Thomas L. Miller, ‘Family Matters’ and ‘Full House’ Producer, Dies at 79
Miller died on April 5 in Salisbury, Conn., according to his family and longtime partner Robert L. Boyett.
Miller moved to Los Angeles to pursue a career in entertainment in 1962, scoring his break as a dialogue coach for legendary film director Billy Wilder. During his time with Wilder, Miller worked on such classic films as “Irma la Douce” and “The Fortune Cookie.” The two remained friends until Wilder’s death in 2002.
Following that, Miller moved to 20th Century Fox, working as assistant in charge of television program development under William Self. There, he co-created the sitcom “Nanny and the Professor,” which ran for three seasons on ABC in the early 1970s. Shortly thereafter, he moved to Paramount Studios to become vice president of development, overseeing development on comedy, drama and TV movies. During his tenure, he developed almost 20 TV movies, as well as series such as “The Odd Couple” and “Love, American Style.”
Miller then left the studio ranks to embark on a producing career of his own, first partnering with Edward K. Milkis and Garry Marshall to form their own production company which delivered some of the aforementioned comedy hits, as well as the one-hour legal drama “Petrocelli.” On the film front, Miller-Milkis produced the 1976 Gene Wilder and Richard Pryor comedy thriller “Silver Streak,” and the Goldie Hawn and Chevy Chase romantic comedy “Foul Play.”
Miller then teamed up with Boyett on another production venture, signing a deal with Warner Bros. TV predecessor Lorimar Television. Miller and Boyett went on to produce “The Hogan Family,” “Full House,” and “Perfect Strangers,” among other series, all through the Lorimar deal. The duo, alongside producer William Bickley and partner Michael Warren, provided a number of shows for ABC’s “TGIF” Friday comedy lineup.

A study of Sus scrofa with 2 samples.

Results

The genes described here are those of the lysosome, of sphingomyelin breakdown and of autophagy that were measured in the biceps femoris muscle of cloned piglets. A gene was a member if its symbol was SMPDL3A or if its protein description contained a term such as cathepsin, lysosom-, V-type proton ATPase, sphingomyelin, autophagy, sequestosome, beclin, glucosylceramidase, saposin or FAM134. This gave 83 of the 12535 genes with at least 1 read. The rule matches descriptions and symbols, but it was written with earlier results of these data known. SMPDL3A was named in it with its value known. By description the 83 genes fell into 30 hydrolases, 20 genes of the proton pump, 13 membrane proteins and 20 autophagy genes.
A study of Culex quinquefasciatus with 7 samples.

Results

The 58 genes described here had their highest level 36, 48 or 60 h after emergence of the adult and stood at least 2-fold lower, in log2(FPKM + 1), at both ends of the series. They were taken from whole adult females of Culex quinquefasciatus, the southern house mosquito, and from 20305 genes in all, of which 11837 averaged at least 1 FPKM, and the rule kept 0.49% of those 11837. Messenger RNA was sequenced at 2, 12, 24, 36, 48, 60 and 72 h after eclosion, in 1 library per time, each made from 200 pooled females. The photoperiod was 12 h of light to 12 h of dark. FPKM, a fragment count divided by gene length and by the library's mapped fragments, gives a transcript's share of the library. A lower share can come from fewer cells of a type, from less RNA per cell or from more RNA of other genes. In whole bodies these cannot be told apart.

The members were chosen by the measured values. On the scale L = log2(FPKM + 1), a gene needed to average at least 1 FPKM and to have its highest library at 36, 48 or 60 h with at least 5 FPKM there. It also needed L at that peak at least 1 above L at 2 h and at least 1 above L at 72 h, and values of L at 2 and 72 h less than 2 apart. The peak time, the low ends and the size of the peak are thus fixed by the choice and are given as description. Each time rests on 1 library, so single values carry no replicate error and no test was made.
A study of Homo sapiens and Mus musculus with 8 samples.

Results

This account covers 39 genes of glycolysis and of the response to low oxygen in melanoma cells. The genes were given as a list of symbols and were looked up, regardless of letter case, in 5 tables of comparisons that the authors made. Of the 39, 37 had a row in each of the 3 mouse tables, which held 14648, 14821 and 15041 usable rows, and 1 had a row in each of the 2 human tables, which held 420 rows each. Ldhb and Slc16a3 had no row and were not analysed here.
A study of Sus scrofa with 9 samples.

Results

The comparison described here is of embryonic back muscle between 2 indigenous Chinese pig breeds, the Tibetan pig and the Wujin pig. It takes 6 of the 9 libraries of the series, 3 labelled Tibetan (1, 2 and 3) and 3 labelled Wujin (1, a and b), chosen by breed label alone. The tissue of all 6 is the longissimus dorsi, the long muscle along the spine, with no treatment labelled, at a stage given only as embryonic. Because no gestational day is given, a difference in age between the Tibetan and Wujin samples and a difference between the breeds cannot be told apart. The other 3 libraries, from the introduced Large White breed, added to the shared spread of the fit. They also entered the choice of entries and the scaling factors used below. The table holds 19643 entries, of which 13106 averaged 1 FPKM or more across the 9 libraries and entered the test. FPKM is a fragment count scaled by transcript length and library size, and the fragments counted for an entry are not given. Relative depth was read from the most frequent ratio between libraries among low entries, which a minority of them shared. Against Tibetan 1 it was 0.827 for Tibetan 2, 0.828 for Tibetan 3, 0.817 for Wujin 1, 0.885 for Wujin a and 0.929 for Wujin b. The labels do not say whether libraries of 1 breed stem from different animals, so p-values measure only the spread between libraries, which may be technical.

Warner Bros. Television Group released a statement on Miller’s passing, describing him as “infused with irrepressible passion and love for bringing joy to others through his life’s work.”
“He was at once a thoughtful and tasteful executive, an extremely talented writer, and a highly successful producer whose many hit series will live long in the collective memory of fans around the world. Everyone at Warner Bros. Television Group and the ‘Fuller House’ family will miss him deeply, and we send our love to his longtime partner Bob Boyett and to the Miller family,” read the statement.
In 1996, Miller and Boyett officially joined forces with Warren to form Miller-Boyett-Warren Productions, producing the final seasons of “Family Matters” and “Step By Step” plus one-season comedy “Meego” for CBS. The final series the trio produced was the ABC comedy “Two of a Kind,” starring “Full House” breakouts Mary-Kate and Ashley Olsen.
Miller’s final TV credit was on the Netflix “Full House” sequel “Fuller House,” which saw Miller-Boyett serving as the production company once again alongside Warner Horizon Scripted Television. After premiering in 2016, “Fuller House” is set to end later in 2020 after five seasons on the streamer.
In addition to his stellar film and TV career, Miller also produced for the stage after moving to New York City in 2000, winning his share of a Tony Award in 2011 for “War Horse.” He was among the nominations again last year for producing “Tootsie.”
Miller is survived by Boyett, his partner of 40 years. His private burial will take place in his home state of Milwaukee, where he was born in 1940.